The Open Banking Challenge Series: Why Merchants Hesitate to Embrace Open Banking Payments
In the rapidly evolving landscape of digital payments, Open Banking Payments have emerged as a promising contender. With 6 million users, it’s a system that seems poised for success, right?
The short answer is yes. But as of yet, it’s not as simple as it sounds.
The giants of various industries, known for their significant transaction volumes, are slow to adopt Open Banking Payments. Unlike specialised payment businesses, these titans are primarily concerned with selling commodities and rely heavily on seamless payment processes. Implementing a new payment method involves substantial risks, changes, and investments across both physical and online platforms.
The hesitance of such large merchants to make this shift could be attributed to several factors.
In this article, we will delve into these factors and explore potential solutions. As part of an ongoing series called “The Open Banking Challenge”, we will explore each of the following points in 4 separate articles:
- Uncertain Payment Guarantees: Even though a bank approves and sends money on behalf of a customer, there is no 100% assurance of payment arrival. This lack of certainty undermines merchants’ confidence in Open Banking Payments as a reliable exchange of value for their commodities.
- Complex Refund Process: Performing large-scale refunds through Open Banking Payments lacks an easy and standardised procedure, unlike established card schemes. Banks often do not provide account details required for refunds, and obtaining consent from both merchants and customers poses challenges, particularly in comparison to the streamlined card scheme space.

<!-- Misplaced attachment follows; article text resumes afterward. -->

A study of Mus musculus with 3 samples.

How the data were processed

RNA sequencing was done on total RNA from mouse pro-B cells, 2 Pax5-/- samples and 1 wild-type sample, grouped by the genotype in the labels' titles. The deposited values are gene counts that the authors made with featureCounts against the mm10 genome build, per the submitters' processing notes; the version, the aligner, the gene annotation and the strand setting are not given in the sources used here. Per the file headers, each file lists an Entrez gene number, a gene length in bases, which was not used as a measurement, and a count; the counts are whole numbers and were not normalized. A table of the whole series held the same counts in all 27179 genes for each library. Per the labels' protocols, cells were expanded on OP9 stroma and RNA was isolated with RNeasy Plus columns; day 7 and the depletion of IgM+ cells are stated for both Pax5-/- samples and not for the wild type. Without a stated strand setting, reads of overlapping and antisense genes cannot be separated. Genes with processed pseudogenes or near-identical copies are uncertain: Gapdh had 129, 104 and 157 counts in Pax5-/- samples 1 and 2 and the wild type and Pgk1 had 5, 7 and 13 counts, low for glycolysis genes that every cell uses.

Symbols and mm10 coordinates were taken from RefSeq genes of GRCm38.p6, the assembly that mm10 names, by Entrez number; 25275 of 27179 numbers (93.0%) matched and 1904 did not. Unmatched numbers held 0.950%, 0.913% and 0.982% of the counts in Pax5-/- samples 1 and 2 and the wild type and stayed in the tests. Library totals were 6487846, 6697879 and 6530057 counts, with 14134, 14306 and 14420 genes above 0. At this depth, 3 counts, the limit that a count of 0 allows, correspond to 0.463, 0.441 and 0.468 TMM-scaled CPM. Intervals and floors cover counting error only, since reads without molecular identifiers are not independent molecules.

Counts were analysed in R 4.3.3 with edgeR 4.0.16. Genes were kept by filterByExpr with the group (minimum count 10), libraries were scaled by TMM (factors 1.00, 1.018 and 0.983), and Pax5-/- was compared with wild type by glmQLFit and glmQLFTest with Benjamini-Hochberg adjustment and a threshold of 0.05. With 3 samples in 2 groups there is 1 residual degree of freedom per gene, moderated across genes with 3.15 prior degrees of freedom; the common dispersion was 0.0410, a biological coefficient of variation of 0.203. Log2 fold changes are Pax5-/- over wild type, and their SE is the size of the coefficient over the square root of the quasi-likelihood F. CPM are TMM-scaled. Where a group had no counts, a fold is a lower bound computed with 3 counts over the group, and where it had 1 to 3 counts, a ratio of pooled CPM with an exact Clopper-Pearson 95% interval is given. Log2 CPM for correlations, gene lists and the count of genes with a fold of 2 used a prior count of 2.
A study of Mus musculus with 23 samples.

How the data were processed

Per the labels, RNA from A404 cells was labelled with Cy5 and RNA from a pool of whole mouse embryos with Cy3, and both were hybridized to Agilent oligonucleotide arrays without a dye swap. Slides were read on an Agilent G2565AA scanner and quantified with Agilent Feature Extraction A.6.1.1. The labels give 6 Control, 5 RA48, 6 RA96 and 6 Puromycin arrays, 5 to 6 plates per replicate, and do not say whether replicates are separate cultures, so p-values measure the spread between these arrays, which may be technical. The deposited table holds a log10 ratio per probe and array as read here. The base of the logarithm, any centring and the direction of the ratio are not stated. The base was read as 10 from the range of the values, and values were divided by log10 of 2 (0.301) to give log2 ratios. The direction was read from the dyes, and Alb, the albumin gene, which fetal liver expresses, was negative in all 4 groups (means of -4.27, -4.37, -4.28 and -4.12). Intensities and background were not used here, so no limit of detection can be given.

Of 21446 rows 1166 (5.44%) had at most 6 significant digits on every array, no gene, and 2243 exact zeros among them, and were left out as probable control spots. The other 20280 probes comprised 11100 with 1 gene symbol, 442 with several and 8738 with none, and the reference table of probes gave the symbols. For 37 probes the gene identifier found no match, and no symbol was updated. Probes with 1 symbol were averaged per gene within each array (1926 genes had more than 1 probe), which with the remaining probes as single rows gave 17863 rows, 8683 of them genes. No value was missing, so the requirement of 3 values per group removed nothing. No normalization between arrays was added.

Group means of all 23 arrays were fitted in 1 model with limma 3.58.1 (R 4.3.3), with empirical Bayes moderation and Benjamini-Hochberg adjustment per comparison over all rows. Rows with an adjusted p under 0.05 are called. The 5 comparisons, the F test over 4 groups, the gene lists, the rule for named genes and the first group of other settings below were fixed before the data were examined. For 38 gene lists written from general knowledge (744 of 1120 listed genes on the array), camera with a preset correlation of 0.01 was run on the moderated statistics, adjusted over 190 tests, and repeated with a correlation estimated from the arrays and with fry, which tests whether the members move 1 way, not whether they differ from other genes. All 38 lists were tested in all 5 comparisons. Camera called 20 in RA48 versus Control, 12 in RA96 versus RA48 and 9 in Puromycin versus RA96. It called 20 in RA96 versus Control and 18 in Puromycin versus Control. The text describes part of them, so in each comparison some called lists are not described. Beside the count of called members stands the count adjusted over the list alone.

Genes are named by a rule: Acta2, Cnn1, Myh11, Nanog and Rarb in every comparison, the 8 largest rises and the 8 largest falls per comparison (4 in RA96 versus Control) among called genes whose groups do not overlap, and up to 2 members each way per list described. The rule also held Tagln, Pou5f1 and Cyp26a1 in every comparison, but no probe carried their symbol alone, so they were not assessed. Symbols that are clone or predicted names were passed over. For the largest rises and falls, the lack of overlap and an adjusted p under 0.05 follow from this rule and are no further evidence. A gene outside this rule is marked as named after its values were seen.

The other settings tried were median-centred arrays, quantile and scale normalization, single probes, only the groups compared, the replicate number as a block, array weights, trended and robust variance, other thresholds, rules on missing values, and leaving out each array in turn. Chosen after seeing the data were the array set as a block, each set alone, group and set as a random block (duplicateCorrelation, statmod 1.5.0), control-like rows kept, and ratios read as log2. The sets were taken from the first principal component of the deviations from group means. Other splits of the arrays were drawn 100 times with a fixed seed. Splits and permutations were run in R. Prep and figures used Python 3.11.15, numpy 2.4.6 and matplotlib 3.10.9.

- Performance Gap: The processing performance of Open Banking Payments is still far behind established card schemes. This performance gap raises concerns about the reliability and efficiency of Open Banking Payments for high-volume transactions.
- Cost Considerations: The transaction costs associated with Open Banking Payments may not be attractive enough to entice large merchants to switch from existing payment methods, especially when compared to the cost-effectiveness of traditional card transactions
As you can see, the hesitance of large merchants to fully embrace Open Banking Payments is rooted in a combination of factors. Addressing these challenges through coordinated efforts between industry stakeholders can pave the way for wider adoption and fulfil the original mission of Open Banking – to enable competition and innovation in the payment landscape.
As we explore each of these points in more detail in the upcoming articles, the conversation around Open Banking Payments is set to gain deeper insights and potential solutions.